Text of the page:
1. Lucy Paterson-Brown,
  2. Eoin Dore
  1. Evelina Children’s Hospital, London

Abstract

Aim We present a case study of the development of a structured, holistic, multidisciplinary prescribing teaching program for medical students in our paediatric department. The aim was to integrate theory and practise into one multidisciplinary delivered teaching session.

Method Prescribing is an area that medical students consistently report as challenging with poor teaching and minimal paediatric specific prescribing teaching as an undergraduate. After collaboration with our pharmacist colleagues the agreed objective was to design a teaching session run by doctors and pharmacists together in order to more accurately simulate paediatric prescribing in clinical practice for the inpatient environment. The method was based on Blooms Taxonomy,1 starting with a pharmacist delivering teaching on the theory of paediatric prescribing. Following this, junior doctors delivered case based prescribing scenarios to allow assimilation and application of theory. At the end of the 150 minute session feedback was collected from both session facilitators and students. These were evaluated to allow for revision and improvement of the session.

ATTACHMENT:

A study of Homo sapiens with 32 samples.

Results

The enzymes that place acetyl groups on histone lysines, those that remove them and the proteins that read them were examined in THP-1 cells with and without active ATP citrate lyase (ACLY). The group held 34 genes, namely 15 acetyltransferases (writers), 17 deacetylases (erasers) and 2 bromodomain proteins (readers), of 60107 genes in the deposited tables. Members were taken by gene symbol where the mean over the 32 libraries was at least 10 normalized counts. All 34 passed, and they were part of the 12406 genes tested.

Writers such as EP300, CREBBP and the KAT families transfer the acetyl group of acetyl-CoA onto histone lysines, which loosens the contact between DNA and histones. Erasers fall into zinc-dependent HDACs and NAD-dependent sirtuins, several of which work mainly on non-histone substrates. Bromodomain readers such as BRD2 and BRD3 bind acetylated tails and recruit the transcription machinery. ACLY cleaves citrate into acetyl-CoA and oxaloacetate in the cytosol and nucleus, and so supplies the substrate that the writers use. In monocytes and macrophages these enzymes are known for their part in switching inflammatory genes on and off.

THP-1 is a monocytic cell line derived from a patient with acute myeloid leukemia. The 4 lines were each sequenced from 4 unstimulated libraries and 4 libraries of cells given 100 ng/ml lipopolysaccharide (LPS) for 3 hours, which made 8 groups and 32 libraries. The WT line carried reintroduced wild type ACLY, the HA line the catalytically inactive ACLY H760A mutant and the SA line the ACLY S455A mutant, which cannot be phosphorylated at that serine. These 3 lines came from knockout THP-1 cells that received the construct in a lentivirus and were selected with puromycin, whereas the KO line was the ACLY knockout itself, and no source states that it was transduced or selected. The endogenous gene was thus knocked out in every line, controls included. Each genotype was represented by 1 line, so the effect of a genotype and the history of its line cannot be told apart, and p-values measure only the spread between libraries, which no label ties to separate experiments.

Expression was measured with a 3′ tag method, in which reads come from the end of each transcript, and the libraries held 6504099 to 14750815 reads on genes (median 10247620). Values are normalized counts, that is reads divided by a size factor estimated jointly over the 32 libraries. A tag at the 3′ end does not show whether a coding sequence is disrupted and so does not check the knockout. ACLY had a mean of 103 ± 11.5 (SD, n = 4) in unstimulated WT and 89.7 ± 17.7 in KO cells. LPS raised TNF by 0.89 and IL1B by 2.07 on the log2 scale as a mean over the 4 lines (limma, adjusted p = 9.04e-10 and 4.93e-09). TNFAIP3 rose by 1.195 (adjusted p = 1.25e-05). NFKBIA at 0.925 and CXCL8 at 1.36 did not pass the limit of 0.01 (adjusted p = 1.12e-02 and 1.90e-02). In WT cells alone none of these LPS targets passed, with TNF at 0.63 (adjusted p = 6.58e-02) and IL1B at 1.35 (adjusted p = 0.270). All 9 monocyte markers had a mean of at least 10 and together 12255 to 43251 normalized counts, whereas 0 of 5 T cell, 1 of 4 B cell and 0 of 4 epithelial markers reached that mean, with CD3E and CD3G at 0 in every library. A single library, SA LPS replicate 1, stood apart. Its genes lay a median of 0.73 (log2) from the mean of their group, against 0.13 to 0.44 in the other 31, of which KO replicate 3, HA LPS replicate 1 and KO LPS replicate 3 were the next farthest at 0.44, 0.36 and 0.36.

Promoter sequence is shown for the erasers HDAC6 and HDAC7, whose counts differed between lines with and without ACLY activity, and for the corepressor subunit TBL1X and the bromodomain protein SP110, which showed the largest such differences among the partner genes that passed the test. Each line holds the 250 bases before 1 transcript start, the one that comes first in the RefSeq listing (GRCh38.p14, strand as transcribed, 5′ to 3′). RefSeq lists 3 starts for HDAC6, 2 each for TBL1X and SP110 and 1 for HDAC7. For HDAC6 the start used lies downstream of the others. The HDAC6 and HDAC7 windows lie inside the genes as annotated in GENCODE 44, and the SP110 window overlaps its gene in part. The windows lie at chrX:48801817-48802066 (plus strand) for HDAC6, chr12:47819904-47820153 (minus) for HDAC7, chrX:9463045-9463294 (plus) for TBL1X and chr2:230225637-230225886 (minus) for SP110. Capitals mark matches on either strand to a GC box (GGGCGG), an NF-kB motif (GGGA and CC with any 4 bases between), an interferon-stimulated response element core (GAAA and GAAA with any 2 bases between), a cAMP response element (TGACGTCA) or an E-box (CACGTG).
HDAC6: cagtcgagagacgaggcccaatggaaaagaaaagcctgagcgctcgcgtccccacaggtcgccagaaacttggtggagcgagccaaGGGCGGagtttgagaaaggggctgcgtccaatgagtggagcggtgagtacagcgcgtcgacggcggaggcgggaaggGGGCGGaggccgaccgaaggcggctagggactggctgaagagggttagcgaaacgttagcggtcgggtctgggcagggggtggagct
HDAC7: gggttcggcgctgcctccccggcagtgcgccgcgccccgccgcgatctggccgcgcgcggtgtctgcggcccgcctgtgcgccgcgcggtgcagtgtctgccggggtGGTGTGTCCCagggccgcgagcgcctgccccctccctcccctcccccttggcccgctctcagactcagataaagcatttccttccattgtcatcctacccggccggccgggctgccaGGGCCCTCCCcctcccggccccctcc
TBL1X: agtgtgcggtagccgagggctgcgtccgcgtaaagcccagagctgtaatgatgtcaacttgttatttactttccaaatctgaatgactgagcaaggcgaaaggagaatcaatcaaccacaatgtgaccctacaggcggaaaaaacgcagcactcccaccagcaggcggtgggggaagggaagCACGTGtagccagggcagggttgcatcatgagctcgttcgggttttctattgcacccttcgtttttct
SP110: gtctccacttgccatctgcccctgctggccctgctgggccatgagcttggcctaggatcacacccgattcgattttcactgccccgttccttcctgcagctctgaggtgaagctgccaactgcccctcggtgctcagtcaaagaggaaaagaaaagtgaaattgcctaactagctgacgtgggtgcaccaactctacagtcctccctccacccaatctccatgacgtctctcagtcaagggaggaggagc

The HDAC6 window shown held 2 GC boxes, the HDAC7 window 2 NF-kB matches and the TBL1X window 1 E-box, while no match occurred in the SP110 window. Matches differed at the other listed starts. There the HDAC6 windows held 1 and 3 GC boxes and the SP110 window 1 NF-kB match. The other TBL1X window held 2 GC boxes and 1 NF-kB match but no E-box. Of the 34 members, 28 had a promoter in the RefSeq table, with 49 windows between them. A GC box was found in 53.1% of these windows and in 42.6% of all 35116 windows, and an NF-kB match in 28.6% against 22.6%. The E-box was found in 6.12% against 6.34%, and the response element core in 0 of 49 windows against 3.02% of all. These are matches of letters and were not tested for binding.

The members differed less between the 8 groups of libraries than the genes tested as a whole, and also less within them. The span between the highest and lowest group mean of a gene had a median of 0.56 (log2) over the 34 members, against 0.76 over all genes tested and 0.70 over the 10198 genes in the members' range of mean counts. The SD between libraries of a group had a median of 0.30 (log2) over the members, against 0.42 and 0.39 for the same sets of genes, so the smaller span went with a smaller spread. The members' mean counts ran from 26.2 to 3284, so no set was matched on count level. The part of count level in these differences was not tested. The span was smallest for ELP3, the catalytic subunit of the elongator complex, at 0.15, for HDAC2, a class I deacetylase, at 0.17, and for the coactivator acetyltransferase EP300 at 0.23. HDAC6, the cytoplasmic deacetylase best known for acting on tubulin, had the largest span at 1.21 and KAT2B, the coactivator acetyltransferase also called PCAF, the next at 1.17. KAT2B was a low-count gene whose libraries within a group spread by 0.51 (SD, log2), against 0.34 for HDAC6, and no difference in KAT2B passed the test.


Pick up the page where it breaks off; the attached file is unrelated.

Results Both facilitators and students very enthusiastically received the session with phrases such as ‘amazing session thank- you!’ added to the feedback forms. Feedback was gathered from 32 students over the first 8-week cycle of the project. The majority of students stated that prior to this session they had little or no paediatric prescribing teaching. When asked the question ‘how prepared do you feel for prescribing in paediatrics?’ and asked to rank themselves from 1 (not at all) to 5 (very well) the average improved from 1.44 pre session to 3.55 post session. The feedback was consistent between sessions demonstrating no significant variation between facilitators. This highlights that the standardised, formal structure of the session allows it to be delivered by pharmacists and doctors of different grades and levels of experience without changing the success of the session for the students.

Conclusion This project demonstrates that there is a significant gap in undergraduate teaching on prescribing, especially paediatric prescribing. This teaching session is low cost, produces similar feedback despite variation in facilitators between sessions, and is easily transferable to multiple inpatient areas. Our students demonstrated that after one teaching session they felt more prepared for prescribing in paediatrics and following the feedback changes have been made to the session and ongoing feedback has further improved. We propose that this style of teaching session could be used across the country for both adult and paediatric prescribing undergraduate teaching sessions. We aim to compare our session with other universities approaches to prescribing teaching and establish whether this is a national area that requires focused educational attention.

Reference

  1. Bloom BS. Taxonomy of educational objectives: The classification of educational goals 1956.